Photo by Marianne Mitchelson
The multi-talented James Robertson is a novelist, poet, short story writer, children’s author, translator and is also a publisher. Despite being a very busy man, he is also one of the kindest people in the books world. He is the author of The Fanatic, Joseph Knight, The Testament of Gideon Mack, And the Land Lay Still, and The Professor of Truth. Joseph Knight won the Saltire Society Scottish Book of the Year and the Scottish Arts Council Book of the Year, The Testament of Gideon Mack was longlisted for the 2006 Man Booker Prize, and And the Land Lay Still won the Saltire Society Scottish Book of the Year. He is also the author of four short story collections, five poetry collections and numerous children’s books written in English and Scots. He runs the independent publishing house Kettillonia, and he is co-founder and general editor of the Scots language imprint Itchy Coo, which produces books in Scots for children and young adults. His latest books are the novel To Be Continued and a children’s book available in two versions, in English as The Book of the Howlat, and in Scots as The Buke of the Howlat.
This is the twelfth interview in the series here on the blog, asking writers the questions that come up most often with the beginner writers I work with:
When you first started writing creatively, what advice would have helped you?
I was writing from a very young age, and I never considered that there might be ‘advice’ for writers – I thought you just wrote and it worked out or it didn’t. I read voraciously and imitated everybody I read, and kept blundering on like that for years, but always learning, always improving, and finally I realised I had a voice of my own. I was reading Westerns, mainly, so I wrote Westerns too. I had a teacher of English who could easily have advised me to ‘write about what you know’, but he didn’t, he never discouraged my imagination in that way, although he was a perfectionist when it came to sentence construction and cutting out unnecessary words. Distilled to three rules, that would have been good advice: ‘Let your imagination go; write good sentences; don’t waste words.’ But I learned those rules anyway, through reading, because I recognised that these were characteristics of the kind of writing I enjoyed and admired. In my teens I sent a couple of manuscripts off to publishers and they sent them back, quite rightly, and that was sound advice even if all they were really saying was, ‘Not good enough’. Somebody might have said, ‘You must be resilient in the face of rejection’ but it wouldn’t have made any difference because it never occurred to me to give up. If I had known of Raymond Carver’s essay, ‘On Writing’, that might have helped push things along a little, but I didn’t discover Carver until I was in my late twenties. That wee essay contains the most important advice of all: make it as good as you can, or don’t bother.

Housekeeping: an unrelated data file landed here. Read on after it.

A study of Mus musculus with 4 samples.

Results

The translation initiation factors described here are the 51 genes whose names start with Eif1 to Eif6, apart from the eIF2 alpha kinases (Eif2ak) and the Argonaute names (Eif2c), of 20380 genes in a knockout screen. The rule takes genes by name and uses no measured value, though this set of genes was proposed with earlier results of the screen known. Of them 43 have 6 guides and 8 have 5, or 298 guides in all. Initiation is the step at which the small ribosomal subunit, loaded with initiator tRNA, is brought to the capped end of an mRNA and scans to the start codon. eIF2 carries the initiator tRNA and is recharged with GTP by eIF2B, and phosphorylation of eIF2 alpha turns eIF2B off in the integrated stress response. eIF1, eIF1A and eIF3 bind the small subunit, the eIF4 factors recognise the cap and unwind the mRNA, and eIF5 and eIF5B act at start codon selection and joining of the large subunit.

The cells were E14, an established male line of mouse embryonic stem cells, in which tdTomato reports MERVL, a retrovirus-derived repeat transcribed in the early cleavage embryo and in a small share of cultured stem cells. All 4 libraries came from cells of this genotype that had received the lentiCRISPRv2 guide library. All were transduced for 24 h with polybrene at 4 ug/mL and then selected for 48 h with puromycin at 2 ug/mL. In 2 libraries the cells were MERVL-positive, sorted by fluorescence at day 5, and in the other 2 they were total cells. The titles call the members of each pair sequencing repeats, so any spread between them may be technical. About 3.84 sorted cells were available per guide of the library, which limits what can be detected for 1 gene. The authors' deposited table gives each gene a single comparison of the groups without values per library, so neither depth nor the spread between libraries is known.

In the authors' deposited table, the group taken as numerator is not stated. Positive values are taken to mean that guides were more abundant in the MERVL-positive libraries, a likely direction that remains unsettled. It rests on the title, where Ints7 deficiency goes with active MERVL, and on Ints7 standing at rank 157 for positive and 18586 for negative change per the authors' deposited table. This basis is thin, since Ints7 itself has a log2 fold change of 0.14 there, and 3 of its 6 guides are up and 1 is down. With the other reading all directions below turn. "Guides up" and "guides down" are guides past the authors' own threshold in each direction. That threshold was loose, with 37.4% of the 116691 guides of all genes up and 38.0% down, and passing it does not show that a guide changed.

Have you ever suffered from writer’s block? If so, what helped?
I have phases when I don’t want to write or have nothing to say. That’s not writer’s block, that’s just natural. So instead I read, or listen, or watch. There are plenty of other stories out there, and plenty of ways of telling them. And sooner or later, I find ideas piling up in my head again, and I start to shuffle through them.
Do you write every day?
If you mean, do I write ‘creatively’ every day, no. I think every day, and eventually some of the thinking begins to shape into a poem or piece of fiction, and then I write as often as I can until that bit of work is finished. Also, I do a lot of translation and editing work for Itchy Coo, the Scots language imprint I co-founded in 2002 and am still heavily involved in, and this means I can switch between different writing projects depending on my mood and on deadlines. So, on reflection, not many days go by without some productive writing taking place.
Do you have any rituals around your writing practice? Do you prefer to write in a particular place or at a particular time of day?
I have to get all the mundane stuff out of the way – emails, phone-calls, accounts and so on – before I can settle to write. These can also be excuses, of course, but I think they are more a kind of preparation, a limbering-up. I have a room at home which is my office and that’s where I write: this is a luxury I have enjoyed now for nearly twenty years. I wouldn’t like to have to go back to not having that space. I don’t usually get into writing until mid-morning, or even afternoon, and then it’s just a matter of how long I can keep going. Once I’m into a novel, I have a daily word-count target: 1,000 words.
Have you ever kept a journal?
For two or three years back in the late 80s and early 90s I kept a journal. I stopped because I felt it was a distraction, in the same way that I feel writing a blog would be a distraction. Life is too short.
Are you a planner? Do you outline a book in advance, or do you just start writing and see what happens?
Of course I have an outline, but it’s usually pretty vague. I wouldn’t want to close down the options, in a poem or a story or a novel, by planning too much. In long fiction, the voyage of discovery is the thing that makes me want to complete the first draft. But I have usually been thinking hard, and making notes, for some months before I start that draft, so there is a map in my head, it just doesn’t have much detail on it. More important than a plan, in my view, is having a sense of the themes that might be in the story, and also some strong visual images or sound-clips from particular scenes. Everything flows from that meeting of the thematic with the physical world.